Court Order: Incorporation 

In the world of family law in North Carolina, there are three ways to address agreements: contracts, court orders and incorporation.

Contracts

Contracts are agreements signed by the parties, such as a separation agreement. If someone violates the contract, it is called breach of contract. A contract is enforced by a “specific performance” lawsuit, asking the court for an order requiring him or her to perform the specifics of the contract, such as signing a deed, refinancing a mortgage obligation, etc. A contract generally can’t be changed by the court. However, the court always has the authority to change anything related to child custody and support until a child is 18 years of age, regardless of what the parties set out in a contract.

Court Orders

Court orders are only available after a lawsuit has been filed, and they must be signed by a judge to be valid. The best part about a court order is the remedy. A party who violates the court order is subject to being held in contempt of court for failure to obey the court order. The contempt power of the court gives the judge discretion to do whatever he or she sees fit to enforce the order, depending on the circumstances presented. Although they don’t usually do so until after someone demonstrates they will remain obstinate, judges have the authority to incarcerate someone who continues to disobey court order. Orders can be registered in any state to be enforced with the full faith and credit of another state.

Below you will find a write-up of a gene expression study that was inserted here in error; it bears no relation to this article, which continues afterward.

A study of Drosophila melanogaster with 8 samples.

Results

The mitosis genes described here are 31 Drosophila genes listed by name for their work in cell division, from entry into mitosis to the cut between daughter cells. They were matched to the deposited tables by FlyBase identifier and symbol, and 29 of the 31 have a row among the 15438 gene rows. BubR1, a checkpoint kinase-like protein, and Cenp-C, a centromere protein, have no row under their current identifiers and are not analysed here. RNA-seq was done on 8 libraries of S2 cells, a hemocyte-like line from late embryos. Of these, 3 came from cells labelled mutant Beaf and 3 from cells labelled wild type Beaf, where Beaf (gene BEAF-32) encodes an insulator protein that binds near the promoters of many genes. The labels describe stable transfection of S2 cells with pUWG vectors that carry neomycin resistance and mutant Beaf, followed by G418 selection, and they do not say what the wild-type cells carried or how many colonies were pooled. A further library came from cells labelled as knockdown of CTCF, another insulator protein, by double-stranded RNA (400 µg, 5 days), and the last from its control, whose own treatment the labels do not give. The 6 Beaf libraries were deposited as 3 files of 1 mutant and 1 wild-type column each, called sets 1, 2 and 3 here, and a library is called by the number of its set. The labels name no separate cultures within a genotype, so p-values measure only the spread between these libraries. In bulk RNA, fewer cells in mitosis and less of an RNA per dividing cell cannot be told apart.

Incorporation

Our state has what is called incorporation, a special process by which a separation agreement “magically” becomes a court order once a judge signs it. But a judge cannot sign anything until there has been a lawsuit filed. Incorporation is done only by agreement, which is usually mentioned in a separation agreement. After a full year of separation has passed, either spouse can file for a divorce. When the judge signs a divorce decree, he or she also has the authority to incorporate it into the decree, permanently making it an order of the court.